Katrina: Not Just New Orleans

Mississippians have largely fallen off the media's radar screens as the unfolding tragedy in New Orleans holds the nation's attention. However, the scale of Katrina's devastation goes much farther than the jewel of the Delta, and its victims have heard enough about the specific tragedies of New Orleans:

Mississippi hurricane survivors looked around Saturday and wondered just how long it would take to get food, clean water and shelter. And they were more than angry at the federal government and the national news media.

Richard Gibbs was disgusted by reports of looting in New Orleans and upset at the lack of attention hurricane victims in his state were getting.

"I say burn the bridges and let 'em all rot there," he said. "We're suffering over here too, but we're not killing each other. We've got to help each other. We need gas and food and water and medical supplies."

The media has painted a distorted picture of the disaster almost from the beginning, and certainly after the levees broke on Lake Pontchartrain. The scope of 9/11 was a few city blocks in New York and Washington DC, and if one relied on the Exempt Media coverage for Katrina, the impression it gives is that the scope for Katrina's impact falls mainly on an entire city.

However, vast stretches of Mississippi have been devastated by Katrina, with towns like Biloxi and Gulfport almost completely destroyed. The area of destruction requiring attention comprises the same square mileage as England. Getting resources to all affected points within that zone simultaneously would take an unprecedented, Herculean effort that no one could have anticipated prior to landfall on Monday morning.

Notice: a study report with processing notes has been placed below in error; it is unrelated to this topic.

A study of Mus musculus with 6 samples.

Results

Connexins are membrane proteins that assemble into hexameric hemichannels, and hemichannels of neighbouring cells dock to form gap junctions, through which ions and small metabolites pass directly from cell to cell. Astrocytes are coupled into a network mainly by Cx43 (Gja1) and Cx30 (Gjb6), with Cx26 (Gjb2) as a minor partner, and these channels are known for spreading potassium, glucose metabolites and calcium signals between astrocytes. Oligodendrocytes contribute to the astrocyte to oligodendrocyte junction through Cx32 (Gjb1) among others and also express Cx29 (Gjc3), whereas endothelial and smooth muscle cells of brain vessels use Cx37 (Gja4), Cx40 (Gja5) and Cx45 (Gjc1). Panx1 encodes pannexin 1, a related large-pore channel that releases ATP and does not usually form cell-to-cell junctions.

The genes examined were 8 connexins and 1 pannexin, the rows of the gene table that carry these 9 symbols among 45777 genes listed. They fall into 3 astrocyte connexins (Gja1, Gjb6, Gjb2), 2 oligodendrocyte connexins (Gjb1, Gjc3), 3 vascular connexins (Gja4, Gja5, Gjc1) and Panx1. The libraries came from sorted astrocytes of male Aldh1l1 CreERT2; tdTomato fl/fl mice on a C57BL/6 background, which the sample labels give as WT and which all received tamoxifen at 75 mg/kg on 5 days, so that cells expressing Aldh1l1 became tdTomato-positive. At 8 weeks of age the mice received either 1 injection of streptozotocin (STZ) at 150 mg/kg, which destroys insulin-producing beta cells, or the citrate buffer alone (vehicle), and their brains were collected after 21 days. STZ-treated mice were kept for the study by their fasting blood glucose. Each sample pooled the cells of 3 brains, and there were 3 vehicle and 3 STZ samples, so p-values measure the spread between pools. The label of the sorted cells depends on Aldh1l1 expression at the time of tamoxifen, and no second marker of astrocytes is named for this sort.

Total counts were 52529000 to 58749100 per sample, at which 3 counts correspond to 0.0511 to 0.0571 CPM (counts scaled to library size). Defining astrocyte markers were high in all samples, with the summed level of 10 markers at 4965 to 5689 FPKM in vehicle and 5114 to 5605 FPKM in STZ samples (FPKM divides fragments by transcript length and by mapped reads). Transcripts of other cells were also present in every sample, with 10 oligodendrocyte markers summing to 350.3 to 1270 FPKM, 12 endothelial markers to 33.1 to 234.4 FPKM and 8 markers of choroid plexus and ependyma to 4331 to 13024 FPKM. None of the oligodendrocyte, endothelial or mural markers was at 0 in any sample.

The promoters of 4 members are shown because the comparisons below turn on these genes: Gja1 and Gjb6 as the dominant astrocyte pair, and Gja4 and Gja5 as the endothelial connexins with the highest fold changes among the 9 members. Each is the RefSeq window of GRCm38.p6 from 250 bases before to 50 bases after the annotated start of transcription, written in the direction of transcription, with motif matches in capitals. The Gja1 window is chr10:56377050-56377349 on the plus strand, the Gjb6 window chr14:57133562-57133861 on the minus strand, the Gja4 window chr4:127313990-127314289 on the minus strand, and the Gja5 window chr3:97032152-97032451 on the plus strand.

The federal government has sent 7,000 troops to get assistance to the entire region, and the states have activated 40,000 National Guard troops to deploy there as well. They will need to build temporary bridges and roads to get airfields in order. The airfields will receive the supplies that require still more clear roads for delivery to the stricken areas and people. It's not impossible, but it clearly requires tight logistical planning and execution and full attention to the problem.

So why doesn't the media give coverage to the wider devastation of Katrina? For one thing, they have the same problem in Mississippi that the rescuers have -- a lack of access for their reporters. However, by narrowing the scope of the disaster recovery facing the states and federal emergency responders, it makes it easier to blame them for a poor response, when in fact the turnaround time for assistance on Katrina has historically been one of the best for hurricane disasters.

As long as the nation only looks at New Orleans, they can wonder why more help hasn't flooded into the Big Easy. Once the camera angle widens to include all of Katrina's devastation, that question answers itself.